Posted in Animals, Birds, Conservation, Geography, Nature, Wildlife on Tuesday, 30 August 2011


Lynx, picture, image, illustration

The Lynx by K Lilly

Poland’s current political problems have thrown a dark shadow over the many attractions of this large and often beautiful country, which borders the Soviet Union to the east and East Germany to the west. Poland has a continental climate, with cold winters and hot summers, while its varied geography ranges from wide open plains in the north to high mountains in the south, and this explains the variety of animals to be found within its boundaries.

Compared with the highly mechanised farming found today in Western Europe, Poland’s peasant farming, with its lack of mechanisation and pesticides, is highly beneficial to wildlife. As a result, white storks are a common sight stalking the fields, or nesting in the villages on their bulky nests.

Much rarer than the white stork is its black relative, but this shy bird is quite widely distributed in Poland’s forests, including the huge Bialowieza Forest which extends into the USSR. This wild area is the home of Europe’s largest mammal, the bison, which was once close to extinction but now survives thanks to careful protection. Europe’s largest deer, the elk, is also found in Bialowieza, and is slowly increasing its range and spreading westwards through Poland.

Thanks to so many areas of wilderness surviving almost untouched, many mammals which are now rare or exterminated from other parts of Europe survive in Poland. Brown bears and wolves, though very rare, still occur, while the lynx – a handsome, nocturnal hunter as big as a German shepherd dog – is to be found in the forests of eastern Poland, as well as in the Carpathian mountains in the south.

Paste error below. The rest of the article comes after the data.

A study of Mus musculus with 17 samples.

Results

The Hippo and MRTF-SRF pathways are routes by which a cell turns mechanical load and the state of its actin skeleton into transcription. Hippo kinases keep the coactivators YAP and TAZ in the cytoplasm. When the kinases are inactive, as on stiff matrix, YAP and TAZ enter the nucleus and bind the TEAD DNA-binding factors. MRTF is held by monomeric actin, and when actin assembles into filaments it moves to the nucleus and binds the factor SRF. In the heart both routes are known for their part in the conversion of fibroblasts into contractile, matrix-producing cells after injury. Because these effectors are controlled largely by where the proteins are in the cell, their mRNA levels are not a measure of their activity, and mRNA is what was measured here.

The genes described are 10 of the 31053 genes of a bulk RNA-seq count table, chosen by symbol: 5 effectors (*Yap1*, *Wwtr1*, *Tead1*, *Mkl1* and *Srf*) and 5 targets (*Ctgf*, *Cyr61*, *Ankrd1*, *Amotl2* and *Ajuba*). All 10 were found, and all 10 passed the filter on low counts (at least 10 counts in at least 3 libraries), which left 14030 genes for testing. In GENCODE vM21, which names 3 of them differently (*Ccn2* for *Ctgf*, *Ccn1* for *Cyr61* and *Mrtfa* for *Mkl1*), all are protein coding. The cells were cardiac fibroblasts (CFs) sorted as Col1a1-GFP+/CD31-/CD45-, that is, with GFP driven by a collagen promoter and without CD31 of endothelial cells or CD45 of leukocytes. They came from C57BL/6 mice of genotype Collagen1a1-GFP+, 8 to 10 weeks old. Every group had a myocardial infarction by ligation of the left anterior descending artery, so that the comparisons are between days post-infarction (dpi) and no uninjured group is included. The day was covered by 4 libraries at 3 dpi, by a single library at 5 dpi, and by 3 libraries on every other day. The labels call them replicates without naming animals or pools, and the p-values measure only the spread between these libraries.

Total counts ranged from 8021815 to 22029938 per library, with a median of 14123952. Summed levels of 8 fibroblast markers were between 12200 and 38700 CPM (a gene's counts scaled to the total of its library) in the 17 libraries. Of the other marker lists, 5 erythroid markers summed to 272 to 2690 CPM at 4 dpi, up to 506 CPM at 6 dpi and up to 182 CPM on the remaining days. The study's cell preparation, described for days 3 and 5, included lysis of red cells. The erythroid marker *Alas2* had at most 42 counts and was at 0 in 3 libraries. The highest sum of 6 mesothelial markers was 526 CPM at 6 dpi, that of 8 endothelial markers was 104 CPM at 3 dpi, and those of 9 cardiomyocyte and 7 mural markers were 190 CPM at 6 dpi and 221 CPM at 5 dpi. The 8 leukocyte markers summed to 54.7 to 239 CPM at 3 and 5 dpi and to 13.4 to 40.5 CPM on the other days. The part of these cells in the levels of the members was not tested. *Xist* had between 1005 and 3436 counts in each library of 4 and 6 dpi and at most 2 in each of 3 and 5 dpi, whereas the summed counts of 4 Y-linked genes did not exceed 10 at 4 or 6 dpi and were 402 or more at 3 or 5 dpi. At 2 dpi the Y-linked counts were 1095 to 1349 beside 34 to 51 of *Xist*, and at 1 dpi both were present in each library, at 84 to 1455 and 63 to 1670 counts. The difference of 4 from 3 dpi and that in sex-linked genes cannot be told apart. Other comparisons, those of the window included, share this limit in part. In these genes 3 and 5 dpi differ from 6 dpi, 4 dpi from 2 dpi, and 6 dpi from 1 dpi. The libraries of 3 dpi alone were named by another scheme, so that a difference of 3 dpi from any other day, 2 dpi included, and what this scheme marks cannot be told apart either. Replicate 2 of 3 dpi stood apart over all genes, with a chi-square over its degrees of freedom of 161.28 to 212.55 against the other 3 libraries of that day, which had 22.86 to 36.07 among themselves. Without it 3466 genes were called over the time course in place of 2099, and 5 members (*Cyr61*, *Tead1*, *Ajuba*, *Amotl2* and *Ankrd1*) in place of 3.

Lynxes are capable of taking a wide variety of prey up to the size of a roe deer; in the Carpathians their prey also includes young chamois. This is the same species of chamois as that found in the Alps and the Pyrenees, but the Carpathian animals tend to be bigger and heavier.

Two mammals exterminated in Britain in the Middle Ages are common in Poland – the wild boar and the beaver. Wild boar generally spend the day in thick woodland, but at night come out to feed on farmers’ fields, where their rooting can do considerable damage to crops. The beaver’s habit of chopping down trees and damming streams can also create problems, but in Poland there is still sufficient space for man and beaver to live together.

One of the more interesting mammals of eastern Poland is the flying squirrel, for this is the western edge of its range in Europe. Being nocturnal it is not commonly seen; by using its “wing-membrane” between its fore and hind legs it can glide considerable distances. Also on the western limit of its range is the spotted suslik, a small, thick-set ground dweller. It is an animal of the steppes, the extensive plains which reach across from Russia into Poland. Winters on the steppes are harsh, so the suslik hibernates through them.

Northern Poland’s landscape is dotted with lakes, a reminder of Ice Age glaciers which once covered the country. Their reeded fringes often hold nesting little bitterns, while the lakes themselves attract nesting black-necked grebes and a wide variety of ducks, including the handsome red-breasted merganser.

Poland is one of the best places in Europe to look out for white-tailed eagles, while the more widely distributed golden eagle occurs in the mountains. Though the golden eagle’s neck may shine golden in bright sunlight, it is a dark burnished gold, unlike the brilliant golden-yellow of the golden oriole. This beautiful bird is a common summer visitor to Poland, but it is more often heard than seen, for it is secretive and likes to hide in the tops of trees.